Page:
A New Jersey senator has tabled a bill, S3064, that would significantly increase the state's cut from online casinos and sports betting. This proposal aims to raise the current tax rates, sitting at 17.4% and 14.25%, to a uniform 30%. Potentially, this could generate hundreds of millions more dollars for the state's treasury.

Senator John F. McKeon’s bill is still in its early stages. It hasn't been assigned to a committee yet and hasn't undergone a review by the relevant state office. Despite that, the potential financial gain for New Jersey is clear. Estimates suggest that with a 30% tax rate in place since online gambling became legal in 2013, the state could have collected close to a billion dollars more in taxes.

Related: New Jersey Starts 2024 with Record Gambling Revenue


They point to the potential benefits of the increased revenue. The additional funds could be allocated to various state programs and initiatives, including education, healthcare, and infrastructure, which could ultimately benefit all residents of New Jersey.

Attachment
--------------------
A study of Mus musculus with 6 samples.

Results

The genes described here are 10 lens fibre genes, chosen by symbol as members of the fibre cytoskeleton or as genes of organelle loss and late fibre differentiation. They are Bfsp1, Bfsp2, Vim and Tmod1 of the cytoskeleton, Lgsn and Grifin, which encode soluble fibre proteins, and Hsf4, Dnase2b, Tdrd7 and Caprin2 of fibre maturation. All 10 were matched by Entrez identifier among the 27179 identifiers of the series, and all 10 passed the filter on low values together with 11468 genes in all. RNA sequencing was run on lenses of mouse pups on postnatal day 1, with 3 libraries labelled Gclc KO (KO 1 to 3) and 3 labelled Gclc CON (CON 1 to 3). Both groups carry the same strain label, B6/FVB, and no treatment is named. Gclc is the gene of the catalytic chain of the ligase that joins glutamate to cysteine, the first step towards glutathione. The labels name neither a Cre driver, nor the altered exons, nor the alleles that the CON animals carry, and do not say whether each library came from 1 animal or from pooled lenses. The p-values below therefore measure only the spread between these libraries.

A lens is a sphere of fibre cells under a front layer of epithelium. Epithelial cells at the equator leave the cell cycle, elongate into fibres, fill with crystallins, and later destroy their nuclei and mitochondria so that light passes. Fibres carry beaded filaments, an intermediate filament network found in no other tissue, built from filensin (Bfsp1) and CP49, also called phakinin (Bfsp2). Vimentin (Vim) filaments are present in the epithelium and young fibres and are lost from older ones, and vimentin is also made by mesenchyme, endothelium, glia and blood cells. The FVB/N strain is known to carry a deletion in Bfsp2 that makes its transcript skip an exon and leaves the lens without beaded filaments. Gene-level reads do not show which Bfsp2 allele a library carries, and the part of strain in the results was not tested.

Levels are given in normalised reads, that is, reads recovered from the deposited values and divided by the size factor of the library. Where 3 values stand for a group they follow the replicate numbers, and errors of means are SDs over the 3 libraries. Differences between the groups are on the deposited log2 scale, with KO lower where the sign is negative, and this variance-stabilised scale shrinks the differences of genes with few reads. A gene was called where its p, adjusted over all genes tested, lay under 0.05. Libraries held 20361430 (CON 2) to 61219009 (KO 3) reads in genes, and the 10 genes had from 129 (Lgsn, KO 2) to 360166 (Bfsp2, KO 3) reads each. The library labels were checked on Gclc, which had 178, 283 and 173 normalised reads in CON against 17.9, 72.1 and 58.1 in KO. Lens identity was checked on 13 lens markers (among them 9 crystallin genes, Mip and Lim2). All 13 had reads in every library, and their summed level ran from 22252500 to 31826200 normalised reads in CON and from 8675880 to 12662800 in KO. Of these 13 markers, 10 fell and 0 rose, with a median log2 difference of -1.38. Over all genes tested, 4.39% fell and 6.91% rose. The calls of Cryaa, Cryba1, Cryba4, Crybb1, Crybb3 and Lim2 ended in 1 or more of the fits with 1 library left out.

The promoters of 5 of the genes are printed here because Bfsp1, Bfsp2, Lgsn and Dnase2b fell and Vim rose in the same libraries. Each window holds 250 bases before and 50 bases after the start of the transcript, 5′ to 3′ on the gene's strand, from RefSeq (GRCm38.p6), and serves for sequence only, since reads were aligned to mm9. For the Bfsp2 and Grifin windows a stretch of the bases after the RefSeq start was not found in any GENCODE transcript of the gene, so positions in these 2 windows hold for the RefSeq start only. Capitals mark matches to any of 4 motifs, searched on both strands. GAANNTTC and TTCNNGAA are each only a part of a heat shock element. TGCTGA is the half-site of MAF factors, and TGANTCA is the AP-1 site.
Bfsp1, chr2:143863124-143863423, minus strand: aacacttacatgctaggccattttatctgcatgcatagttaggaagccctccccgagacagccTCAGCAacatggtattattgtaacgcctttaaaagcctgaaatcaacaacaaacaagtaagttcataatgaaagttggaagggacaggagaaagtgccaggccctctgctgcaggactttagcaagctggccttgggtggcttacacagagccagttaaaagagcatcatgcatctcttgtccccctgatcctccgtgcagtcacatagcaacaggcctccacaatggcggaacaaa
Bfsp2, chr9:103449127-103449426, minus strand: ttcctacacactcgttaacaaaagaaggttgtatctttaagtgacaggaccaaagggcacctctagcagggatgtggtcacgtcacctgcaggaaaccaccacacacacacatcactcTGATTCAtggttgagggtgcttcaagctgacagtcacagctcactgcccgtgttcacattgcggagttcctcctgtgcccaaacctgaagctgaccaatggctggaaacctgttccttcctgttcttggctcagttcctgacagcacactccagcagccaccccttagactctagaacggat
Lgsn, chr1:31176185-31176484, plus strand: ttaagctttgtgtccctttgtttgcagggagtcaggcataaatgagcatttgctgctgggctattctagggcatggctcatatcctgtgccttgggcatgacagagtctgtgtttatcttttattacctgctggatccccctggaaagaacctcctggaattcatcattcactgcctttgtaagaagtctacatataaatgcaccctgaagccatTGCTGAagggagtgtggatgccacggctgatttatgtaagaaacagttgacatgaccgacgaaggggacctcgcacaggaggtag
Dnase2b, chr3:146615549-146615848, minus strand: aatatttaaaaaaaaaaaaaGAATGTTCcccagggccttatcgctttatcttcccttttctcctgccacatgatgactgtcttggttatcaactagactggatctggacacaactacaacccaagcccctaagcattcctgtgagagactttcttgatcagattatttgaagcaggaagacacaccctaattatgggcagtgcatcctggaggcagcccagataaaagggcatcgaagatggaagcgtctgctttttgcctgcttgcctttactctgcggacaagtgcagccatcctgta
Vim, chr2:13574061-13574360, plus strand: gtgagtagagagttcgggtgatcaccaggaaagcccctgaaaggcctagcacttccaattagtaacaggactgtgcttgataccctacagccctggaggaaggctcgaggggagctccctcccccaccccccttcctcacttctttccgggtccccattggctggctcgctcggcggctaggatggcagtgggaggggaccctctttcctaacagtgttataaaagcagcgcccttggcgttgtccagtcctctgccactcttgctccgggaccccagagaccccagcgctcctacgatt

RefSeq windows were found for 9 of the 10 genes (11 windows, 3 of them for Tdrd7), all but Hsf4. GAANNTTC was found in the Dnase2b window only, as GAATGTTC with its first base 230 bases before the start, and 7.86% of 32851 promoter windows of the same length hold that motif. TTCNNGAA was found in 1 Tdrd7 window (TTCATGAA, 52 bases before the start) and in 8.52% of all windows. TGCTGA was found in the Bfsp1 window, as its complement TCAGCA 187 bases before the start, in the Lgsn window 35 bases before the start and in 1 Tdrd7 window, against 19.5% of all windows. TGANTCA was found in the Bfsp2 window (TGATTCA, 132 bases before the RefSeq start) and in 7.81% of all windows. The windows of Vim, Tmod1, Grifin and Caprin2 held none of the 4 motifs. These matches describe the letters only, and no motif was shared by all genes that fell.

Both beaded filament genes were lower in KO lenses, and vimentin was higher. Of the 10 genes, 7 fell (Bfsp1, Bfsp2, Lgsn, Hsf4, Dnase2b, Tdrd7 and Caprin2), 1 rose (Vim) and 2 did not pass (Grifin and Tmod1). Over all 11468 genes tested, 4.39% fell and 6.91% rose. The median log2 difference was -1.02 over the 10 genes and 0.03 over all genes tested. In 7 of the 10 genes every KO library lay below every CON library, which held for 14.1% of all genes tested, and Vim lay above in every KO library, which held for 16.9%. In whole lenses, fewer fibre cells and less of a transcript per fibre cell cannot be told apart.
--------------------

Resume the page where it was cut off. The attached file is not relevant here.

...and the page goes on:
It's worth noting that New Jersey has been a trailblazer in the realm of online gambling. Since legalizing online casinos in 2013, the state has seen significant growth in the industry, becoming one of the leading markets for online gambling in the US.


Despite the potential benefits, the fate of S3064 remains uncertain and the influence of the casino industry in New Jersey politics shouldn't be underestimated. Atlantic City casinos have one of the most effective lobbying forces in Trenton, the state capital. Their opposition could effectively stall the bill's progress in whichever committee it lands in, potentially preventing it from reaching a vote.

While Atlantic City casinos do benefit to some extent from revenue sharing with online operations, this pales in comparison to their income from in-person gambling. A higher tax on online casinos could translate to a smaller share of the profits for them, likely prompting significant opposition.

Mark Giannantonio, president of the Casino Association of New Jersey, has already expressed the industry's disapproval. He stated that the association strongly opposes any proposed tax increase on online gambling. This strong stance suggests a well-coordinated lobbying effort on the horizon, which could significantly impact the bill's fate.

The bill will likely face rigorous debate and scrutiny as it makes its way through the legislative process. If Atlantic City's casinos can gather enough backing, the bill will definitely fizzle out.